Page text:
When I first heard Thursday was coming to Albany for the first time in years, I was beyond ecstatic. Not only were they due to play two nights after my birthday (which ironically was on Thursday), but the lineup was also pretty stellar. Minus the Bear and the Number Twelve Looks Like You. Fantastic. So fast-foward to April 29th, Saratoga Winners left wall and my jaw dropping when realizing that mewithoutYou and We.re All Broken were opening instead. No worries, though. The main reason I was there was to see Thursday. Having garnered the reputation of one of my favorite live bands ever, my expectiations were quite high.
The crowd at Winners was the usual mix of emo kids, metalheads, preps, punks, and big 20-something year old "tough guys" who think that pushing around a crowd of lanky kids ranging from their mid-to-late teens is cool. Before We.re All Broken came on, a man from the venue came on stage and asked how many kids there were below 16. A surprising number of hands shot up, as kids who looked like they still were in middle school dotted the crowd. Then he went on some sort of rant about how stupid crowd surfing was and why it was such a liability.
Finally, We.re All Broken opened up to some spoken words and weird ambient noises, then broke into a fairly high-paced and enjoyable set. I think the openining song was probably their strongest. Having never heard any of their music before, I was quite pleased. It sounded kind of like A Static Lullaby on ...And Don't Forget to Breathe. In other words, Glassjaw meets Underoath meets more screaming. Between each song they would utilize the spoken words and atmospheric noises to try and set an eerie tone. It worked for a while until their set began to drag towards the end. I remember the last song building up to a really weak breakdown. Luckily, they ended just in time.
mewithoutYou was up next. Apparently they had quite a solid fanbase, as about half of the crowd at the show seemed to respond, singing along to every word, while the other half stood there trying to figure out what the hell was going on. They sounded like At the Drive-In with more swirling guitars and vocals that aren't really singing as much as it's strained speaking/shouting. The combination tends to work well when mixed with some great layering of guitar and solid drum work. At times though, the vocals were also hard to get over. It was like being shouted at for 40 minutes straight. All in all, a pretty solid set for a band I'm still trying very hard to get into.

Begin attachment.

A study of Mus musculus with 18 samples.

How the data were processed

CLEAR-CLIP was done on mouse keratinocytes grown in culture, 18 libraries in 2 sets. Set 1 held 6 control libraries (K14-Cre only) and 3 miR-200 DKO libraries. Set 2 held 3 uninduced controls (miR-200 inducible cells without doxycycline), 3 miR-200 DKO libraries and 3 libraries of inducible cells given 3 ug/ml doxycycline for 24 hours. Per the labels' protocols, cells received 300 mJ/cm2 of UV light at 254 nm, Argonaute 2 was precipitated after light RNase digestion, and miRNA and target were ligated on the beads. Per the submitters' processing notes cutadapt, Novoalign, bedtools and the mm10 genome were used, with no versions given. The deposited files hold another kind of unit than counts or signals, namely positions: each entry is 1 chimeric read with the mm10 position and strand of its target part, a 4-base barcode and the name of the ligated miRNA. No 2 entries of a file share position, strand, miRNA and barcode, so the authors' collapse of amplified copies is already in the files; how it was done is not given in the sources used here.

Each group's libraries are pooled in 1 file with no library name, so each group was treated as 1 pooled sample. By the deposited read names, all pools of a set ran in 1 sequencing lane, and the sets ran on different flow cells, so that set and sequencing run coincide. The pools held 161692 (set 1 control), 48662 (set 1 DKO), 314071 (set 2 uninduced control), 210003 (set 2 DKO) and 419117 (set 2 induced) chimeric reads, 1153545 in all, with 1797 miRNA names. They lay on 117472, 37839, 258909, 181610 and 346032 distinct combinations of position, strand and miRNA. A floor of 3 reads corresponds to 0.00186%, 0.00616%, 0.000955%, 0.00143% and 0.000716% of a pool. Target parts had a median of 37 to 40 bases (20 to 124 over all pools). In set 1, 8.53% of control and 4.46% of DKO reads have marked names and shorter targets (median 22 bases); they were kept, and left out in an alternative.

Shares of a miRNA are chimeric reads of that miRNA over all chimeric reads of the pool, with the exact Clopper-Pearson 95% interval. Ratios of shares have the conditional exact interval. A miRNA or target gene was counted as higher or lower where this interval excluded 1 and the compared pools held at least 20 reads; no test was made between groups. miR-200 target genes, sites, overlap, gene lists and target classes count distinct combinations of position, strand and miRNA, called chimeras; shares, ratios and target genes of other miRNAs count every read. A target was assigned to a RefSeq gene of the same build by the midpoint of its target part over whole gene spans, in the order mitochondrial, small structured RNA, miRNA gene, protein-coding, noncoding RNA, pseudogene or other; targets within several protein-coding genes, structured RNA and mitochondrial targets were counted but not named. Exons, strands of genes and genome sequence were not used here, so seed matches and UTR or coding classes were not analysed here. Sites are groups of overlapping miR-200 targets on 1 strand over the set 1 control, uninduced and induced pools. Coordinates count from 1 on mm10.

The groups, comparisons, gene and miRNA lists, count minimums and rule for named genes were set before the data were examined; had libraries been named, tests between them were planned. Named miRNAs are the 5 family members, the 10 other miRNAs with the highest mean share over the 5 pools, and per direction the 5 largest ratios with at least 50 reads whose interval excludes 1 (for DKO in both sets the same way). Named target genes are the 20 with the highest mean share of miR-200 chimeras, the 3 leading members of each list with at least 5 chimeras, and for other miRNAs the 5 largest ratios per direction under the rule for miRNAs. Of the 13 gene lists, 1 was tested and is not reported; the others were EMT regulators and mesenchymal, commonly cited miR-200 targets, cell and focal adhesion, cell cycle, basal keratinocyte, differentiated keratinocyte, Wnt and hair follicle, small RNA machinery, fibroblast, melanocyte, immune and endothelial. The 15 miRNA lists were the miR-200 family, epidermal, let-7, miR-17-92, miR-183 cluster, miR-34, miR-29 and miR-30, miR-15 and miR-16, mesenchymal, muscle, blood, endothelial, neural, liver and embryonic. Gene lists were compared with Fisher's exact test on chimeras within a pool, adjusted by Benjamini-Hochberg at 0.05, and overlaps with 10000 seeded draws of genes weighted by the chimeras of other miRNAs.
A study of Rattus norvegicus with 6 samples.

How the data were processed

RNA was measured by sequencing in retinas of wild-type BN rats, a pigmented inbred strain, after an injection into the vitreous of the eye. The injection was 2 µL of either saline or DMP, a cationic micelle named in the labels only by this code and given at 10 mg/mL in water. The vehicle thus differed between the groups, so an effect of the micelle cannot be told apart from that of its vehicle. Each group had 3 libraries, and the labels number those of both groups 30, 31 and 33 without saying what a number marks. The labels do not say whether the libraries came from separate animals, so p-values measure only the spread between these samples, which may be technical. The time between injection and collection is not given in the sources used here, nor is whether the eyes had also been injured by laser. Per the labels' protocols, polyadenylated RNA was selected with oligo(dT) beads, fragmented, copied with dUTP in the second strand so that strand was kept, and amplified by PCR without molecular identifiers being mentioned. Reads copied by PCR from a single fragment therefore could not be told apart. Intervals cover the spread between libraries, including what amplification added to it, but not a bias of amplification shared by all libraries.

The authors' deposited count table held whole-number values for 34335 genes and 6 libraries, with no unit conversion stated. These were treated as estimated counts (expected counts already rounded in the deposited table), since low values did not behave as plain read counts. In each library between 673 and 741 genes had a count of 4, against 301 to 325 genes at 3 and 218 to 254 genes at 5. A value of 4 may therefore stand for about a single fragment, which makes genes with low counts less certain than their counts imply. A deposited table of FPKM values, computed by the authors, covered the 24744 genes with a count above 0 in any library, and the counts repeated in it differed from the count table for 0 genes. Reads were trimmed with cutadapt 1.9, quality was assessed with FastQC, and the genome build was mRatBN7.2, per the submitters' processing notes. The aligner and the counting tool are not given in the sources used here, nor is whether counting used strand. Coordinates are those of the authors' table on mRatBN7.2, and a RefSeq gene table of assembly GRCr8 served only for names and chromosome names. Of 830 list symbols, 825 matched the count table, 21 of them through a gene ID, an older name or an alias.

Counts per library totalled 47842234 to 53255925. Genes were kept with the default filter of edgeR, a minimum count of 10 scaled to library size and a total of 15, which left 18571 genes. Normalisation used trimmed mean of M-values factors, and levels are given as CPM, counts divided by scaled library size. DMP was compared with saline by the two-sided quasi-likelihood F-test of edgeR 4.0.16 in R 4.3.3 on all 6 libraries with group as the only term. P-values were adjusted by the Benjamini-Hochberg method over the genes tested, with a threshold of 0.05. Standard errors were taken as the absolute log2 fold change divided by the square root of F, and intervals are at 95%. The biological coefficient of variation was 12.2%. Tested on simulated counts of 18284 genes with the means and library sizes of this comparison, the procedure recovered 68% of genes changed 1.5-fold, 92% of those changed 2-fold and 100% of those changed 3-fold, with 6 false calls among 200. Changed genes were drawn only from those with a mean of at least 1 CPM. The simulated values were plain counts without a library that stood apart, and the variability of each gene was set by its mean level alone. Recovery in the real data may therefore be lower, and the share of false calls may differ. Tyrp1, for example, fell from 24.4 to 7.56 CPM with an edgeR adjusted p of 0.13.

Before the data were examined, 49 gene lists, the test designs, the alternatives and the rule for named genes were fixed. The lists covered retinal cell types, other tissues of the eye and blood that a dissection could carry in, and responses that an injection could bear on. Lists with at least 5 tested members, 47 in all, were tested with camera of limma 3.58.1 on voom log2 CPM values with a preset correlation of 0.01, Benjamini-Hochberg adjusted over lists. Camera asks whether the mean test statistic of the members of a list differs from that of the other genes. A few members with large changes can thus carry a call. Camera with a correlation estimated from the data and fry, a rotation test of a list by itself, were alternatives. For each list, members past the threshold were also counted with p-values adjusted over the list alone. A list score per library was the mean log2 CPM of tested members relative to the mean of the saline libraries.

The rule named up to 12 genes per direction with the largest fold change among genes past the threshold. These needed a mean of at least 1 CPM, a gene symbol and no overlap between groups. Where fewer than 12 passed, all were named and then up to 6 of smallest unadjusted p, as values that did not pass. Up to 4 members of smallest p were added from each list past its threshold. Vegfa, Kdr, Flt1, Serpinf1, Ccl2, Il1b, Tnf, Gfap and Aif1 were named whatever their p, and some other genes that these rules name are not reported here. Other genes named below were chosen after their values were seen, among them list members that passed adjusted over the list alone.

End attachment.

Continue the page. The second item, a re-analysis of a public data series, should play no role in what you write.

Then Thursday came on. Like I said, Thursday is one of my all-time favorite live bands. They always put on a very tight and solid performance with unrivaled intensity. There is a certain passion that comes with Thursday, and when they play live, it's present more then ever. They opened their set with the song that brought them to light in the first place -- "Understanding in a Car Crash." Of course, as soon as this happened, the entire crowd shifted and for roughly 4 minutes, it felt like you were trapped in a human blender. They follwed up by moving into another huge fan favorite, "Paris in Flames." The crowd was again very responsive, as I'm sure Full Collapse is probably everyone's favorite album. Without relying on too many songs from that CD, they went into "Division St." next. They covered a fair amount of songs from War All the Time with "For the Workforce, Drowning," "Signals Over the Air," and "This Song Brought to You by a Falling Bomb." They also bombarded the crowd with a slew of songs from their new album, A City by the Light Divided. If I can remember correctly, these included "The Other Side of the Crash," "Counting 5-4-3-2-1," "Sugar in the Sacrament," and "Running from the Rain" -- with the latter two being my new favorite songs on the album. Hardly anybody in the crowd seemed to have heard the full album (aside from the shitty myspace stream), so everyone kind of just stood there and seemed to enjoy the new material. They certainly didn't forget their old material either however as they covered, what I have termed, the "Thursday Triumvirate" -- consisting of "How Long Is the Night?," "Cross Out the Eyes," and of course everyone's favorite, "Jet Black New Year." Closing the set with the unforgettable "Autobiography of a Nation" provided perfect closure to a terrific show.
Their enthusiasm was still spectacular, even with Geoff reminding the crowd that he was partially sick and in recovery from when he coughed up blood and pieces of his throat only two weeks ago in Canada. The crowd was of course very generous and helped him out by trying to sing along as much as possible. By the end of the show, most of the crowd was exhausted and practically had no voice. My expectations were fulfilled to the brim, and fortunately enough we were able to escape Winners without any crazy cab drivers pulling out guns. True story.